How stress causes pain

Lesley Dobson / 28 November 2017

Is the pain in your neck making life miserable? Do you have back pain that just won’t go? Could stress be at the root of it?



It may be that you’ve slept in an awkward position, or strained your back by lifting something heavy. But the cause of your pain may have started in your head, as stress – and if that’s the case, it’s probably going to take more than just painkillers to make you feel better.

‘When people are stressed they tend to hunch their shoulders, tuck their head down, and almost roll forwards a little bit, which puts you in a poor postural position,’ explains osteopath and physiotherapist, Tim Allardyce. ‘The result of over-using your neck muscles like this, is that they tighten up, and cause neck and back pain.’


There’s a long list of health problems that can be caused by stress. These include:

  • Dizziness
  • Chest pain
  • Stomach ache
  • Indigestion
  • Feeling nauseous
  • Passing wind a lot
  • Gritting your teeth
  • Being constipated or having diarrhoea
  • Panic attacks
  • Developing rashes
  • Being constantly worried or anxious

These are some of the symptoms of stress. Unfortunately, we can be so stressed that we can’t always see the connection between what’s going on in our minds and our physical symptoms.

Stress can come from many sources – family, friends, neighbours, money, loneliness, grief, your work or volunteering – problems and situations that can affect us all.

You may have heard of the fight or flight mechanism. We all have this - it dates back to our ancient ancestors who often had to fight or run to keep attackers at bay, or to hunt wild animals, and to stay alive. ‘This is your body’s way of getting you out of danger,’ explains Tim Allardyce. ‘When we are stressed our bodies release high levels of Cortisol and Adrenaline, which activates our sympathetic nervous system.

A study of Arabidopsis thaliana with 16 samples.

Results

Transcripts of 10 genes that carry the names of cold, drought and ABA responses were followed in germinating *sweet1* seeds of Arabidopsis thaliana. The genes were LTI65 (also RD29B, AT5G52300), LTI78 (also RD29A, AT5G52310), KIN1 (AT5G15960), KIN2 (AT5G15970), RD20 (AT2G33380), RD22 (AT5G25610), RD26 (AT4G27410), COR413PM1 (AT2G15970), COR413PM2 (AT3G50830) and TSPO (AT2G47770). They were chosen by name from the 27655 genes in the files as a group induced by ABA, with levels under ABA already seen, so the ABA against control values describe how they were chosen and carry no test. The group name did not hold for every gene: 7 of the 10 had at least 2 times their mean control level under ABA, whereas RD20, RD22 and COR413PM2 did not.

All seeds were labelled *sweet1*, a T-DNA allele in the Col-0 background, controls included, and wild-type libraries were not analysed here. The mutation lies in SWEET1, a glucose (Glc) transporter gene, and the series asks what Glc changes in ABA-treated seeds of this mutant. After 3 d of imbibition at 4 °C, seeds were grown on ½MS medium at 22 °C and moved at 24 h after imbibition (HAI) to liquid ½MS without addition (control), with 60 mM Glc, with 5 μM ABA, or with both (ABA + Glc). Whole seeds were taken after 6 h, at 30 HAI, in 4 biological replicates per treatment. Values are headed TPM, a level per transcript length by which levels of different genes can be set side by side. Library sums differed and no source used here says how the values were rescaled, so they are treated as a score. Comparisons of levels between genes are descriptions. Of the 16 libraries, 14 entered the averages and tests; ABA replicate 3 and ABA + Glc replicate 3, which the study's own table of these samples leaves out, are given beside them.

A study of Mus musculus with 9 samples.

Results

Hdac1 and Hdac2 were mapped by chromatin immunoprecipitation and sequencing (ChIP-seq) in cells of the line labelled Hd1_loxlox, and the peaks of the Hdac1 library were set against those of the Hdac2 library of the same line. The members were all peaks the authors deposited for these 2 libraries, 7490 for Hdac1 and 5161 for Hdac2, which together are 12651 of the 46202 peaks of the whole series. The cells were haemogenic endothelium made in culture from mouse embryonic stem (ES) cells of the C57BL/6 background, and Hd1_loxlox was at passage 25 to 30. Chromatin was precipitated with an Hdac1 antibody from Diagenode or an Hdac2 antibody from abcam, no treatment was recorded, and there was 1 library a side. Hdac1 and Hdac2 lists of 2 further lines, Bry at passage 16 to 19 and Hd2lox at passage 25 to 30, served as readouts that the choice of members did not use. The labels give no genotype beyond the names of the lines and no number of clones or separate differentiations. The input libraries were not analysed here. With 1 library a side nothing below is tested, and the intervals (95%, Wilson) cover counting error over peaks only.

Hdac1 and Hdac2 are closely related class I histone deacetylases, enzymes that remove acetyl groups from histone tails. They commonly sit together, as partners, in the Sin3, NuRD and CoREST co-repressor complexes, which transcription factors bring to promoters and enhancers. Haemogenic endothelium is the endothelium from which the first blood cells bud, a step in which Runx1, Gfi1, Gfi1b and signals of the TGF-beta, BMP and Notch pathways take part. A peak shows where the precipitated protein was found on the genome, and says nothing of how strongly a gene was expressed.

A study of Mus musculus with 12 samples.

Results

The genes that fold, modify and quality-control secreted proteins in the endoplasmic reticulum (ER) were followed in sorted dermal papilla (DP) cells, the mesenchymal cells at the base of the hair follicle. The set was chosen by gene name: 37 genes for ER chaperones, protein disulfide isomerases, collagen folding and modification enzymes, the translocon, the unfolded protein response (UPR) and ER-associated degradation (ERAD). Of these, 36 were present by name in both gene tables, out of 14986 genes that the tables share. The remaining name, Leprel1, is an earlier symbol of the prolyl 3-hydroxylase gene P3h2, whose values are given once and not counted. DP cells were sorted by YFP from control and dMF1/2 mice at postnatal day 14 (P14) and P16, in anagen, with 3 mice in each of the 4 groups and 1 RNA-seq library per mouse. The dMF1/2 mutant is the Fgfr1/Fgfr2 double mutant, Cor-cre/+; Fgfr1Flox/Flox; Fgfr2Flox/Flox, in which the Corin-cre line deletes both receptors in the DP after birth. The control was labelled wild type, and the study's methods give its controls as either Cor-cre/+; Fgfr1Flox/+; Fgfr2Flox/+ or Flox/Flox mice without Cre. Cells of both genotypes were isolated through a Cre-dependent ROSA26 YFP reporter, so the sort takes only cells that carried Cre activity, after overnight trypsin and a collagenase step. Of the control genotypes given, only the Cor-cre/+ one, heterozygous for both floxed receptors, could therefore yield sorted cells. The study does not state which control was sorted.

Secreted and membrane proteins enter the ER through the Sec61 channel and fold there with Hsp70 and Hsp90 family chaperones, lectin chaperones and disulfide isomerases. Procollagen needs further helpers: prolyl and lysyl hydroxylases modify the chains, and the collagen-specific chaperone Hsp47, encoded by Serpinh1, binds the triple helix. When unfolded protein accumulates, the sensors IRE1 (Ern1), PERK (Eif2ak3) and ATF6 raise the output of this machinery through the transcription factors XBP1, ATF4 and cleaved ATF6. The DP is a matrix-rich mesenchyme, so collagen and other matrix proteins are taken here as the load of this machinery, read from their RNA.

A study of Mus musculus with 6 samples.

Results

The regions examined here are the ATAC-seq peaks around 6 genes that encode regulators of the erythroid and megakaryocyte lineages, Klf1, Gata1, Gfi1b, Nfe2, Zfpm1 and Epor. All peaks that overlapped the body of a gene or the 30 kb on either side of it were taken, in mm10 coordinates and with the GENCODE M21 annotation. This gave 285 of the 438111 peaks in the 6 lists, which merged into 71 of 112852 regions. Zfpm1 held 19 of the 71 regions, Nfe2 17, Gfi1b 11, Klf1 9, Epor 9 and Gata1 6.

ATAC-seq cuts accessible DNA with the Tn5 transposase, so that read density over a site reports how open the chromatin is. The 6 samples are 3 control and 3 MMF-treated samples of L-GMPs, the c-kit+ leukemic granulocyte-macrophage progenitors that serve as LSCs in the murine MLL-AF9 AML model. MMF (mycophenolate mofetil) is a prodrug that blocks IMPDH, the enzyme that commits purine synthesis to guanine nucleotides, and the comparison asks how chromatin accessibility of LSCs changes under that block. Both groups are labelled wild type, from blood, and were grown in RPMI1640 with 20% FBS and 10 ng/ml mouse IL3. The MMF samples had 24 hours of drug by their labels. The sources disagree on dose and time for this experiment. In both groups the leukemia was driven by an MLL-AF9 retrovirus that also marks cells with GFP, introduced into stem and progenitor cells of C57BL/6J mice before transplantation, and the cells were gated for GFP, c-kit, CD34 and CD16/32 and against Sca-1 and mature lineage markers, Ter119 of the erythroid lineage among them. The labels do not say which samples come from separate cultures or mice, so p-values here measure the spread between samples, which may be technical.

‘By doing this your body gives you a huge burst of extra energy, to help you run faster, and give you extra strength. It can also dilate your pupils, so you can see better.’ All these changes can increase your chances of escaping from a predator or catching something to eat.

This series of changes would have helped our ancestors survive in times of danger. Most of us don’t need this reaction on a daily basis, unless we are in a life or death situation, but our stress responses are still active, and can cause pain and stress.

Because stress affects our minds and our bodies, it can cause on-going health problems alongside pain, such as:

And some of these conditions – depression for instance – can actually make your existing pain worse, creating a cycle of pain.

‘Stress makes the nervous system more active,’ explains Tim Allardyce. ‘And this makes us feel pain more. I see people with a lot of psychological stress, and they tend to have pain in multiple parts of their bodies. So patients come in and say ‘I’ve got pain in both my wrists, my hips, my back, my neck and my elbows….’

When this happens – and I see this on a daily basis – I ask, ‘What’s going on in your life? Is your home life OK? Is work life OK? Are you living with stressful situations?’ There are a wide range of problems and worries that can cause this pain, so I explain to my patients that these are not separate injuries, this is their body manifesting pain.’

If left untreated, the pain and the stress that has caused it may well become worse. Finding the source of the stress is an important first step, as you can then look at ways of dealing with cause of your pain.

How to tackle stress

Talking your problem through with someone close to you can be helpful. This may help you to see the problem from a different perspective, and to find a way of reducing your stress levels. Also, talk to your doctor – they will have seen many other patients struggling with stress-related pain. Your GP may recommend Cognitive Behavioural Therapy (CBT) – as this is often prescribed for people who have chronic pain, and gentle exercise, such as swimming, as this also helps.

5 tips for relieving lower back pain

Make sure you keep in touch with family and friends, try to do something you enjoy every day, and keep as active and social as you can.